Wed. Jul 24th, 2024

If Kieran Trippier had spread out four errors across two otherwise near faultless years in a Newcastle shirt, nothing would have been said.

Some talk about him among the Magpies’ best-ever business. His impact has, arguably, rivalled that of Alan Shearer, even without the boyhood legacy.

“He’s a transformative signing, someone who has taken the group on to a totally new level,” said Eddie Howe on Tuesday night, of the player who became his first buy in January 2022.


That difference he has made at St James’ Park, the way he has embodied their rise from bottom of the Premier League to Champions League qualification inside 18 months, has raised even more intrigue around a run of four mistakes coming in barely as many games over the last three weeks.

Two blunders, both punished with goals, were a major factor in a surprise 3-0 defeat at Everton earlier this month. His clumsy defending did not cover himself in much more glory as Heung-Min Son breezed past him to tee up Richarlison for a tap-in as Spurs hammered Newcastle 4-1 three days later.

On Tuesday, his undercooked back-pass header which cost the Magpies an equaliser at Chelsea, and eventually their Carabao Cup semi-final place with it, was the most painful of the lot.

Trippier still tops the charts across the Premier League for assists and completed crosses, and ranks second for chances created across the league this season. His attacking numbers have fallen away in recent weeks too, but serve to highlight quite how sudden his drop-off has been.

It must be noted that before this tough run, Trippier withdrew from the England squad in mid-November on personal grounds which were kept private and have remained so.

Howe hinted at them when speaking up for his vice-captain following the disappointment at Stamford Bridge – where Trippier also suffered a rare penalty miss in the shootout – in urging team-mates and fans to rally around a player who has been an almost ever-present fixture over the last 18 months.


“He’s been our heartbeat,” he said. “He’s given us so much, now is our turn to support him and look after him the other way and that’s what we’ll do.”

There is no doubt the Magpies faithful will follow suit. But there are other, simpler explanations for the way things have played out, especially when he captained Newcastle to superb wins over Chelsea and Manchester United since leaving St George’s Park.

Aside Nick Pope and Bruno Guimares, Trippier has been the first name on the team sheet at St James’ Park for some while.

He played in every single one of Newcastle’s games last season. That schedule has not eased up. Even with the added strain of football’s toughest continental competition and Newcastle’s place in the self-proclaimed group of death, he has missed only two matches since the start of the campaign.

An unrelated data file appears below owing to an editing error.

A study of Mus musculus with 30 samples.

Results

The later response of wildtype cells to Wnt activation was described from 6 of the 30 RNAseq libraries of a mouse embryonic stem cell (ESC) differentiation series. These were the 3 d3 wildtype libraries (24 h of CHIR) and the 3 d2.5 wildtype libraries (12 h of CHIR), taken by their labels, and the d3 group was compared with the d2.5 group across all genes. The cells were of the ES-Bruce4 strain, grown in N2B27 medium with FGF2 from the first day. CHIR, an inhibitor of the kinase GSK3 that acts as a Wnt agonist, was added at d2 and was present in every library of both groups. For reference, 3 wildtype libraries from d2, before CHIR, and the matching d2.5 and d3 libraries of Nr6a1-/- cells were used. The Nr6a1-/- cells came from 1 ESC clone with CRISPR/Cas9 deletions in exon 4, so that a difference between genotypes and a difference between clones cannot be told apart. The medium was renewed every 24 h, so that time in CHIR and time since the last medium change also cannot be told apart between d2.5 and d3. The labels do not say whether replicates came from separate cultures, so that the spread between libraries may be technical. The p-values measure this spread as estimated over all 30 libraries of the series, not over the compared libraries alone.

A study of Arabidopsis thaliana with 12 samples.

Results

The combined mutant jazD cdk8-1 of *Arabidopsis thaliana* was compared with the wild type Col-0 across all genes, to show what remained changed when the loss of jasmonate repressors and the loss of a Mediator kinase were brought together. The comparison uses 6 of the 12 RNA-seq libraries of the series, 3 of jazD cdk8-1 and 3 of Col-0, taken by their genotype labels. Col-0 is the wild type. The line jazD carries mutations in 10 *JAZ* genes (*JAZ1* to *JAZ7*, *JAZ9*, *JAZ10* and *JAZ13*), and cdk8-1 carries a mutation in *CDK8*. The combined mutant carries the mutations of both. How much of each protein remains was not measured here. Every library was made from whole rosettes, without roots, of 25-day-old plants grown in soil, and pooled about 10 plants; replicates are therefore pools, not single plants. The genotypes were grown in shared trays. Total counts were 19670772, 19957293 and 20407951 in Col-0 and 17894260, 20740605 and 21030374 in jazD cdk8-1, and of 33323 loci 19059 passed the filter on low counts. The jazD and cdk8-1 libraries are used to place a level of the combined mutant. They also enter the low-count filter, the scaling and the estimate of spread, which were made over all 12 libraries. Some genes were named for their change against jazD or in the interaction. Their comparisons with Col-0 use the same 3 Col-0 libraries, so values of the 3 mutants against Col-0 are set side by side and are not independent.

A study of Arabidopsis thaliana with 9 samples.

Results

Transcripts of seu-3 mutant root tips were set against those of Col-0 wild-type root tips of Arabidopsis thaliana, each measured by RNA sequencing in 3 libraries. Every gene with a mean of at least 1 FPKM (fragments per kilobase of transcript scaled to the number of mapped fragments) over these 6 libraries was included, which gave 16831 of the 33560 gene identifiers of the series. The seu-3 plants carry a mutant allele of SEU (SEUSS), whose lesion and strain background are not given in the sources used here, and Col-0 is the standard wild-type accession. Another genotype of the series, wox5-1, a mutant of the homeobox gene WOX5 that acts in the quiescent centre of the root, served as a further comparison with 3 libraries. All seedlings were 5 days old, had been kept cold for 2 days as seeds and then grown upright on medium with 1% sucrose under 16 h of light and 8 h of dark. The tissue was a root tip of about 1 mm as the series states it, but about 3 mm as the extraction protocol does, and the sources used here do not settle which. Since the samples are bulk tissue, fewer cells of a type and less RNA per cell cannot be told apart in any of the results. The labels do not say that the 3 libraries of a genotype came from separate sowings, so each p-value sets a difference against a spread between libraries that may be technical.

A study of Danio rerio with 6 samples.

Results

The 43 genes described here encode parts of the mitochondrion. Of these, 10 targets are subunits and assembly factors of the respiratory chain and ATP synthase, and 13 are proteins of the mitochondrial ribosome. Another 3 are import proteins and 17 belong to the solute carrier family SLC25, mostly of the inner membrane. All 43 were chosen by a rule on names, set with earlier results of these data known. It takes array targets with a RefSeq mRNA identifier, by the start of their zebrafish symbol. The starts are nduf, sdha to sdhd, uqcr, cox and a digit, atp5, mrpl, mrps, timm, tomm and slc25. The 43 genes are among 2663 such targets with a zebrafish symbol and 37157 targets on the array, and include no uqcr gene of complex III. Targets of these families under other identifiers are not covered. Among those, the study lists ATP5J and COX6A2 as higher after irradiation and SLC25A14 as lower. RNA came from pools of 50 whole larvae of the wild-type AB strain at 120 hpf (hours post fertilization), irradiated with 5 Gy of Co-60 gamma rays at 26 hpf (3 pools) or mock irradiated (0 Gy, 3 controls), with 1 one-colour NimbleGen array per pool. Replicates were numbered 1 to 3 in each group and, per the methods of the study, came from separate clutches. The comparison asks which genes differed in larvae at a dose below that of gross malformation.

Only seven outfield players across the Premier League have been named on more team sheets in all competitions in 2023/24. Just two are in their 30s.

“Looks exhausted,” was the Newcastle Chronicle’s succinct appraisal of his performance against AC Milan last week.

Weeks before his slump, Trippier racked up his 500th club career game last month. His 400th came under Diego Simeone at Atletico Madrid, where he faced fitness demands he has admitted even eclipse those of the Howe regime. But at 33, he cannot go on running forever.

His last Premier League start was that humbling at Tottenham. Newcastle had 43 per cent of the ball, which would suggest he would run more than in games where they have dominated.

Tellingly, Trippier covered the least distance per 90 minutes of any league game he he started all season – even below wins over Crystal Palace and Sheffield United, where he was taken off before the 70th minute and would have been particularly fresh.

Beyond the defensive mistakes, his attacking output has also suffered since the Manchester United win. It is clear enough with the naked eye, but chances created, take-ons, and completed passes are all down. His crossing completion, normally such a consistent part of his game, has halved.

Those numbers may represent a small sample size, but that’s just it – there have not been longer-term hints to Trippier’s form.

All signs point to a player in need of a rest. He missed Saturday’s win over Fulham, through suspension rather than by design, but was only introduced at half-time at Stamford Bridge in midweek.

For most of his time on Tyneside, he has been undroppable. Since his Newcastle debut, he has assisted almost double as many Premier League goals than any other Newcastle player.

Little surprise when he has created 83 chances more than his nearest challenger in that time. So much has gone through him, and he has embodied the Magpies’ transformation as much in his importance to their attacking output as his leadership qualities and defensive contribution.

But now Tino Livramento’s arrival, and his bright start, finally offers another other option without a significant drop-off.

The ex-Southampton man’s ability to replace him has been limited by injury, and requirements elsewhere – namely left-back and right-wing – in his opening season to date.

But with Dan Burn fit again and Miguel Almiron in full flow, now presents the perfect time to take the vice-captain out of the firing line in an already punishing run of fixtures around the festive period.

Whatever the reason for his decline, that more than anything else would offer the support Howe mentions to get such an integral player back to his best.